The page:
Through its innovations in technique, technology and formal structures, the Western art music of the second half of the last century continues to exert influence on and offer possibilities to contemporary composers and performers. Although contemporary art music draws on heterogeneous sources and traditions, many of which lie outside of the traditions associated with Western art music, the legacy of musical modernism still can be felt as a vital force—whether as an absence whose vacated presence serves as a phantom point of reference, or as a set of materials ready-to-hand and available to take on new meanings through new applications.
For composer Ross Feller, the ready-to-hand materials of musical modernism form a kind of core substance to be infused with influences, structures and strategies derived from rock and jazz. Feller is an improvising saxophonist as well as a composer; having grown up in the Chicago area, he was formed as much by the Midwest’s active creative musicians as he was by his training in contemporary “classical” music. His involvement in making technically adventurous music as an improviser has undoubtedly played a role in the pieces he’s composed for virtuoso performers, some of which are included on the new CD X/Winds.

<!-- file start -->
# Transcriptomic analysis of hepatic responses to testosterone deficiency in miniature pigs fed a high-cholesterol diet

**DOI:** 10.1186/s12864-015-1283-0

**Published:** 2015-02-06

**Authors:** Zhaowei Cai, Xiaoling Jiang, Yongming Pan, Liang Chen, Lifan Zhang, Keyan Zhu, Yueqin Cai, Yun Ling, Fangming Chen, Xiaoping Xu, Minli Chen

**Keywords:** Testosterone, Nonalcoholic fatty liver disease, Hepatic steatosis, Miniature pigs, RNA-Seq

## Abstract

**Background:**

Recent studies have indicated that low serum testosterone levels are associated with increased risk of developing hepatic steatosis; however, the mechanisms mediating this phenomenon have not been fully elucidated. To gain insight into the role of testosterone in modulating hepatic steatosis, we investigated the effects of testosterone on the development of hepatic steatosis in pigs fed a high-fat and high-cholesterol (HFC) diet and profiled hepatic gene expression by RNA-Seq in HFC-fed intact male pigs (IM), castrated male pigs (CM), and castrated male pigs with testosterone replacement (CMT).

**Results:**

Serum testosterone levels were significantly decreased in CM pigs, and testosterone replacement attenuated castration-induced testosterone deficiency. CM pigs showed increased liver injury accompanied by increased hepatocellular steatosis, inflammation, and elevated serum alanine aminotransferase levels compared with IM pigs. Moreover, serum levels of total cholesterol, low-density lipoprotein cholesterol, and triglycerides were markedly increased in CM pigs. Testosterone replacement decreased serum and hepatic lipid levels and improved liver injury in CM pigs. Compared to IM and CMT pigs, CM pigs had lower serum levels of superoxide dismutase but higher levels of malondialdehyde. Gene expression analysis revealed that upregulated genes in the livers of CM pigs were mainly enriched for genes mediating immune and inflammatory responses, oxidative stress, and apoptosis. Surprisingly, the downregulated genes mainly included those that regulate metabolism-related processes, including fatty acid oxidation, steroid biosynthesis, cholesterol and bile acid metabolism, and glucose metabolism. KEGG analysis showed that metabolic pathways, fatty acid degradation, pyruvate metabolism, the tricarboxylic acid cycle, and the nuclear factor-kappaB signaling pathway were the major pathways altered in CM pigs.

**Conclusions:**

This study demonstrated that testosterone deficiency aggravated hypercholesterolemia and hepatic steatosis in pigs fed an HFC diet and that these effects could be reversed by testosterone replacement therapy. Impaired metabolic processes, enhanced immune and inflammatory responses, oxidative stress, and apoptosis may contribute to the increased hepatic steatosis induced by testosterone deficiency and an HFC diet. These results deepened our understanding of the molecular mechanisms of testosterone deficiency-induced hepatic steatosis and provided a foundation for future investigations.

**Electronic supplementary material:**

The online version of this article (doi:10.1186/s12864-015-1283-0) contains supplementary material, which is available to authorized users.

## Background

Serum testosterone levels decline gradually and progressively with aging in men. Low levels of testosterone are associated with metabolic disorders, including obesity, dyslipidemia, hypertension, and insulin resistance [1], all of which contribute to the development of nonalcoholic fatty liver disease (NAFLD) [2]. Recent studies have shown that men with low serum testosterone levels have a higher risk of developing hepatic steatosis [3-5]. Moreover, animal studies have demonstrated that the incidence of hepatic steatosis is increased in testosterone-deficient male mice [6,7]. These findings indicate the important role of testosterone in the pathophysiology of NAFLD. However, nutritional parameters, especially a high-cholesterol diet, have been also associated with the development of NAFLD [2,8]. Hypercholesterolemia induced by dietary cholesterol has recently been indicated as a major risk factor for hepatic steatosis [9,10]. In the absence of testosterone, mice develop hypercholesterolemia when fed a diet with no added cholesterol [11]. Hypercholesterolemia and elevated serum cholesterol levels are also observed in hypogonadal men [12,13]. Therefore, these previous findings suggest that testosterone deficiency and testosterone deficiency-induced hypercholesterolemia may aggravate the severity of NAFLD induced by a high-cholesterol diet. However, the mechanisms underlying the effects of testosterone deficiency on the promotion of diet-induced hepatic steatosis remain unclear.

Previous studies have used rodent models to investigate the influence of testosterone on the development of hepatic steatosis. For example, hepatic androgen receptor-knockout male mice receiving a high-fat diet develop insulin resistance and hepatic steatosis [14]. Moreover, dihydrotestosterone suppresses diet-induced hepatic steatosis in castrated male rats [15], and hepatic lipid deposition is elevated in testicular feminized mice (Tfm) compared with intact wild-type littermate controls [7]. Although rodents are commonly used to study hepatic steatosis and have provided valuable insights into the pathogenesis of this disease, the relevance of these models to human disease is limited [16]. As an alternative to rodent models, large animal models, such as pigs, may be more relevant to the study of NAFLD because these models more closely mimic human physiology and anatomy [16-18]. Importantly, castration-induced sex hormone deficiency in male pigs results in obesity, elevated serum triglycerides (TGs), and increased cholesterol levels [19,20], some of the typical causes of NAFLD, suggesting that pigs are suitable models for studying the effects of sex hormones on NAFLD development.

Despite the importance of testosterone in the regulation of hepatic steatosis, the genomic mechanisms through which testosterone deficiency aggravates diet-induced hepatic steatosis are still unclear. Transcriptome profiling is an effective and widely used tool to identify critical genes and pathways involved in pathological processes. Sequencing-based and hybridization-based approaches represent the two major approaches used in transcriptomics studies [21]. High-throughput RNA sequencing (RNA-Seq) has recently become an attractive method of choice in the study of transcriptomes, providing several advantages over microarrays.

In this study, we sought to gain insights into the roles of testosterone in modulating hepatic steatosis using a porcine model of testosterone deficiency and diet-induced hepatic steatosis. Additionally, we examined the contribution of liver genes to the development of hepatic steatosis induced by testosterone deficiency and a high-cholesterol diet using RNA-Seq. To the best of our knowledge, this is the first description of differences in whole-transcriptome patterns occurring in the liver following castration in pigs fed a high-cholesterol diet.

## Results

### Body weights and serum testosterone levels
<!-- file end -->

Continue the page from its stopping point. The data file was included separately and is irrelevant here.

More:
Two compositions for solo instruments included on the CD show how Feller integrates a gestural vocabulary incorporating extended techniques with a semi- or quasi-improvised structure. Bypassing the Ogre (2006), for solo trumpet, draws on the full compass of the instrument as well as several unorthodox methods of sound production. The piece, given a charismatic performance by Peter Evans—an improvising trumpeter for whom it was composed—seems carried along spontaneously by its own momentum, as an improvisation would be. This improvisational feel was built into the score, as Feller left certain decisions regarding phrasing and pitch selection to the performer. With Glossolalia for solo cello (2002), Feller composed an episodic, highly dynamic musical analogue of the improvised utterances of speaking in tongues—language devoid of denotation and whose phrasing and intonation connote some unspecified but directly emotional content. Cellist Franklin Cox gives the piece an appropriately urgent, unrestrained performance.
Scaling up beyond solo pieces, Feller’s chamber works presuppose the idea of the Modernist chamber ensemble as an aggregate of individual voices to be collected or separated in the service of maximizing color effects. Both Triple Threat (2006) for chamber ensemble, and X/Winds (2008) for wind ensemble and piano, contrast the effect of massed voices, which forge thickly colored composites of timbre, with the fragmentary, polychromatic effects of individually sounding voices breaking out of the mass. At a smaller scale, Sfumato (2006) for bass clarinet, violin and electronics—performed here by Ted Gurch, Helen Kim and the composer, respectively—pushes this unusual instrumental combination of wind and strings onto unexpectedly common ground by emphasizing overlapping pitches and complementary timbres, as modified and enhanced by the electronics.